Recession results in slaughter of Ireland's racehorses
To keep up with this new demand, thoroughbreds - a breed of horse used specifically for racing - were being produced at an unprecedented rate: between 2000 and 2007, the number of registered foals increased from 8,793 to 12,633.
But these horses are expensive, costing approximately 17,000 euros (£15,000) a year to keep.
And when Ireland plunged into one of the deepest recessions to hit the eurozone, they became a luxury very few could afford.
Mr Hogan, who is based in Nenagh, County Tipperary, explains: "Quite a lot of those horses would have been owned by syndicates - basically blocklayers, carpenters, electricians - people involved in the big property boom. And they just disappeared overnight."
Suddenly he was left with horses, but with no money coming in from their owners to pay for them.
It has been a very difficult time, he says. Some of these horses have had to be exported, others retrained, and a few he has kept on himself. Some, though, have had to be put down.
The loss of healthy thoroughbreds has become a harsh reality of this economic crisis.
And abattoirs, where horses are slaughtered for their meat for human consumption, have become a growth industry.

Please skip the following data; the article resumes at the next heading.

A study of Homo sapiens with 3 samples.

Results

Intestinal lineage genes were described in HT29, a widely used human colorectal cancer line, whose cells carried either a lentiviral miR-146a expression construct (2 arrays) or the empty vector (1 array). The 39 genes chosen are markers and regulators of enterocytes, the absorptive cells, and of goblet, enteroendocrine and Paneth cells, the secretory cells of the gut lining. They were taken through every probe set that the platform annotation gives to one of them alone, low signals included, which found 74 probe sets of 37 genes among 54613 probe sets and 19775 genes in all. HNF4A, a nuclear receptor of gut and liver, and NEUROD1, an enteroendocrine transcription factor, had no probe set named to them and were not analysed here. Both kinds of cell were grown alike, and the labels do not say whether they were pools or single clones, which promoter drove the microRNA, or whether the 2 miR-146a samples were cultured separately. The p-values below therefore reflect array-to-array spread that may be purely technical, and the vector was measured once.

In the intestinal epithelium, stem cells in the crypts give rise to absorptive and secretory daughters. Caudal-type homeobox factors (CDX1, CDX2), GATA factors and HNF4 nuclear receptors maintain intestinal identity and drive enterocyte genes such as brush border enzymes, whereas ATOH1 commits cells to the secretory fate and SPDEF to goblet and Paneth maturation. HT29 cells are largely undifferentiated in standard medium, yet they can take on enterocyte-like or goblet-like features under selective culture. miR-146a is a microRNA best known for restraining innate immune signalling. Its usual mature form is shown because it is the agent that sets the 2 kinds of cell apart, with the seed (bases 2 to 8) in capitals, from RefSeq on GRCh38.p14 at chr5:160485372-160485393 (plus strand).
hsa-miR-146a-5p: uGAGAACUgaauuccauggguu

In 2008, there was just one in the Republic of Ireland, but today there are five.
Last year, 9,790 horses were killed in them. Of these, the BBC has learnt that 4,618 were thoroughbreds.
But this is not the whole picture. Figures are not available for the number of horses that have ended up in Ireland's 40 registered knacker's yards.
Shane O'Dwyer, from the Irish Thoroughbred Breeders' Association (ITBA), acknowledges that there was over-breeding at the height of the Celtic Tiger boom but he believes for many owners, it was the responsible thing to do.
"We said when horses came to the end of their time or when there was no use to them, there should be euthanasia, voluntary euthanasia… rather than leaving the horse out in the field to be a welfare case."